When I tell Wagner that I'm off to interview hot chef Dennis Leary at his minuscule new restaurant, Canteen, in the Tendernob neighborhood (set between the Tenderloin and Nob Hill), she says, "Tendernob?That's new! Never heard of it." I'm taken aback for a moment, but realize that neighborhoods are springing up so quickly that even the most clued-in residents may have missed a newly minted moniker.
Dennis Leary, who looks like Steve McQueen during his Cincinnati Kid period, opened his 20-seat luncheonette in the former coffee shop of the Commodore, a fleabag recently brought back to life as a budget boutique hotel. When I enter, he's sitting on one of his counter stools, dressed in checked pants and white chef's jacket. Leary was the prize-winning chef at the famed Rubicon in the Financial District (co-owned by Robert De Niro) for six years, so he's the perfect person to ask about San Francisco's reverence for good food. We chat about the city's tradition of culinary appreciation. There's the fact that it was settled by Spanish, Italians, and Chinese (all from food-centric cultures); there's also the city's proximity to some of the best agricultural regions in the world. Then there's the theory that San Francisco has always been a boom-and-bust town, with the gold rush, then silver, then railroads, and, most recently, the dot-coms. ("Restaurants are an expression of good times," Leary explains.) And finally, there are the mavericks like Leary, chefs whose inﬂuence branches out across this small-town city.
Canteen, which receives a rave review in the Chronicle two days after we talk, reaffirms Leary's decision to leave behind big corporate jobs. "I wanted a stripped-down experience—no pretensions, good service, serious food," he says. "It's been fun not working for anybody."
Leary says his vision as a restaurateur is particularly suited to his city. "I want to do this with a sense of humor. San Francisco can't carry off something really fancy like New York. I get socialites, a lot of foodies, old bachelor guys who've lived alone for years, a lot of gay couples. It's a real mix."
Even as the city welcomes new ultramodern elements, some people cling to its vintage hallmarks. Surprisingly for such a forward-thinking chef, Leary turns out to be one of these old-fashioned souls. Just as he embraces retro décor and dishes like pot pie at Canteen, Leary loves the sentimental side of San Francisco: the camera obscura at the Cliff House, high on a bluff over the Pacific; the WPA murals in Coit Tower; and the old seal on the ﬂoor of the Ferry Building. He sighs. "There's a kind of quirkiness here that refuses to die. You see naked people running down the street all the time here! It's a freak show and I love it." (I think this is pure hyperbole, but the very next day I see three older guys, stark naked, riding bikes on the Embarcadero with FREE SPEECH scrawled across their backs. Certain things about this city will never change.)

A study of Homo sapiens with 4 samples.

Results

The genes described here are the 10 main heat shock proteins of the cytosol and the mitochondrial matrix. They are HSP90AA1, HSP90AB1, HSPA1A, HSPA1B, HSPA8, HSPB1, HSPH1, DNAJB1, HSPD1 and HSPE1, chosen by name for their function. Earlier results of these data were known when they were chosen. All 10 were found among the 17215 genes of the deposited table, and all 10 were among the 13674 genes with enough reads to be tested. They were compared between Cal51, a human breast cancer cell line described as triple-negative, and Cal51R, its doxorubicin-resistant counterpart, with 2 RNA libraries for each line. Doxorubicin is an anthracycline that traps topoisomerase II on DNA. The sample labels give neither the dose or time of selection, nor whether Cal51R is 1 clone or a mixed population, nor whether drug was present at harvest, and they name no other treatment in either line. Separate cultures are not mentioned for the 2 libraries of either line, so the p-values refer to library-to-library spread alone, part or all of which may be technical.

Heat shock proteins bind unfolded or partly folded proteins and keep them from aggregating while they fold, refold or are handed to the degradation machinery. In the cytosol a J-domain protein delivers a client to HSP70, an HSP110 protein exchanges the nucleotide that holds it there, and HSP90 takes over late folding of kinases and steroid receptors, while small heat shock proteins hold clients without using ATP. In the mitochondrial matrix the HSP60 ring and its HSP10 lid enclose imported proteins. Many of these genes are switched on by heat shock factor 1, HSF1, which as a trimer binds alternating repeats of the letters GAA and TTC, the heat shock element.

After two nights in the dimly lit recesses of the Ian Schragerowned, Philippe Starck-designed Clift hotel, where I spend my off-hours curled up on a mammoth ivory divan under a faux-mink throw, I move to the Hotel Vitale, a brand-new property on the Embarcadero. If the Clift is about smoldering glamour, the Vitale is about health and sunshine and relaxation: there are complimentary yoga classes and soaking tubs on the roof, the concierge can arrange a Rolfing session upon request, and a video of migrating birds plays in the elevator. Hotel Vitale also has startling 180-degree views that take in the Bay Bridge and the Ferry Building, a landmark so beloved that the legendary Chronicle columnist Herb Caen once observed, "The waterfront without the Ferry Tower would be like a birthday cake without a candle."